Is an adaptive system right for you? Use this handy guide to determine where to install an adaptive system.

Adaptive signal control technology adjusts the timing of the green, yellow, and red lights based on current traffic conditions, instead of relying on the pre-programmed signals of traditional intersections. When used along arterial highways and corridors, adaptive systems can improve traffic flow, reduce congestion, and make roadways more efficient. If you are looking to introduce an adaptive system into your area, you should select a corridor that will exemplify the benefits of an adaptive system. Keep in mind that not all corridors will benefit equally; your selection should be determined not by which corridor has the worst current traffic conditions, but by which corridor has the potential to demonstrate the most improvement from an adaptive system.

The following seven factors describe a corridor that would be a good candidate for showcasing the advantages of an adaptive traffic system:

Accurate Detection

Adaptive systems require reliable, accurate detection all along the corridor. If the current detection method does not provide the detection coverage required by your preferred adaptive method, you may want to update to the Wavetronix SmartSensor Matrix and SmartSensor Advance. Matrix provides true presence detection for all approaches at the intersections, and Advance continuously tracks each vehicle’s speed, range and estimated time-of-arrival at the stop bar. Together they provide the adaptive system with the accurate detection data needed to keep the corridor flowing as efficiently as possible.

High Traffic Variability

Perhaps the most influential factor when determining where to use an adaptive system is the variability of the traffic flow. To see the most benefit, implement an adaptive system in an area with a lot of variation in traffic demands, including the following situations:

  • Areas with high seasonal demand
  • Areas that often host special events
  • Areas where the dominant direction of travel varies
  • Areas experiencing high growth

Flexibility in Phases

Because adaptive systems actively adjust the timing and turn on of traffic phases, it is essential for intersections to provide flexibility in their timing. Standard four-way intersections that are not overcrowded often provide the most flexibility, and are therefore good candidates for an adaptive system. Innovative intersection layouts that eliminate or relocate left turns often place restrictions on the timing of the phases, preventing an adaptive system from effectively improving the intersection.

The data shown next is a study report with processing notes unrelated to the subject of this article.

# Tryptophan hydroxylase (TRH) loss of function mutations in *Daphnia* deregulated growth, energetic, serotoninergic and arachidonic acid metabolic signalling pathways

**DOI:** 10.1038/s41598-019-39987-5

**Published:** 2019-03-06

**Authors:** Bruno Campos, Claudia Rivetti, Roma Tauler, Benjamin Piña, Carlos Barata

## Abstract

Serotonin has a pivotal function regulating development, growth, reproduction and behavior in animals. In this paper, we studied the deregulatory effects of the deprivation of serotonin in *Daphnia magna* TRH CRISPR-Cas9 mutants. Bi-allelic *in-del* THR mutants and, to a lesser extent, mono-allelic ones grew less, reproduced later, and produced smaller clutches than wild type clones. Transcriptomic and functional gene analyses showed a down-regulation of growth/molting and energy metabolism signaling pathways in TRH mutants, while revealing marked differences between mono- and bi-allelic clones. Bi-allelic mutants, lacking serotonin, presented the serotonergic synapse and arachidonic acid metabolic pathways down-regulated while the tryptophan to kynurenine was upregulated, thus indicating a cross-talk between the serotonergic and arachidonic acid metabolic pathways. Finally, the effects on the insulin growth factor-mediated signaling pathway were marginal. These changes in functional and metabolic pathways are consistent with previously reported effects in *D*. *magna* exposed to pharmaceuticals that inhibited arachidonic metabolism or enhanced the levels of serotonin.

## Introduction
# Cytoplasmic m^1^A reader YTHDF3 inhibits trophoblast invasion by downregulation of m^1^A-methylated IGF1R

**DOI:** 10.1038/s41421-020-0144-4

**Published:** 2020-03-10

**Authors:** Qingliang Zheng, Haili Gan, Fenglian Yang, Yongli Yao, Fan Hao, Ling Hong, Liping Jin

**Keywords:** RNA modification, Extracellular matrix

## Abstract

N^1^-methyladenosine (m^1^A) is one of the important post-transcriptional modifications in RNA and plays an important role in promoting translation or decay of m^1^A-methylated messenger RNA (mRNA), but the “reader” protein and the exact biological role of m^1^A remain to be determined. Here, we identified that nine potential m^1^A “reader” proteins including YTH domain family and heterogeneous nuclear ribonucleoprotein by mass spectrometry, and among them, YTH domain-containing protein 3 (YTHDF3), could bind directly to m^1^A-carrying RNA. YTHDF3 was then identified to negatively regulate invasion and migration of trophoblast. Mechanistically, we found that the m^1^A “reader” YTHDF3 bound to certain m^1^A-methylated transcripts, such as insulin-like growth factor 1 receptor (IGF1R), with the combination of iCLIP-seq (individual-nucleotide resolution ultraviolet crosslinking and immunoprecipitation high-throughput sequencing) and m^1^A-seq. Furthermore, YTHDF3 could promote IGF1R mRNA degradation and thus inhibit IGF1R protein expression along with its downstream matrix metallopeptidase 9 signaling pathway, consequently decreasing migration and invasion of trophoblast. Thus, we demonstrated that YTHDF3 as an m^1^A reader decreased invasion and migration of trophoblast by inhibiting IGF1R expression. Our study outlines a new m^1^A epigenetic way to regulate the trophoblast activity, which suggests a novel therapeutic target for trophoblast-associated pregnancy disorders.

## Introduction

Minimal Multimodal Traffic

Adaptive systems are focused on vehicular traffic flow, so you will want to look for an area where the traffic is mostly vehicles. High volumes of other modes of transit—pedestrians, bike traffic, and public transit—put constraints on the system, which can reduce the benefits of an adaptive system.

Few Midblock Disruptions

If there are major midblock disruptions throughout the corridor, such as on-street parking or a busy parking lot, it may not be the best candidate for an adaptive system. The difficulties here are twofold: first, a high level of disruptions can negate the benefits of an adaptive system; and second, depending on how your detection is situated, you may not detect all of the vehicles entering and exiting the mainline of traffic.

Well-spaced Intersections

The best candidate for an adaptive system has evenly spaced intersections all along the corridor. When adjacent intersections are too close, their proximity acts as a constraint that limits the flexibility of the adaptive system; conversely, intersections that are spread far apart operate best independently and not as part of a system.

Outdated Signal Timing

A good candidate for adaptive signal timing is a corridor with signal timing that has not been recently updated. Updating these corridors can drastically improve the efficiency of the intersection, truly highlighting the benefits of an adaptive system.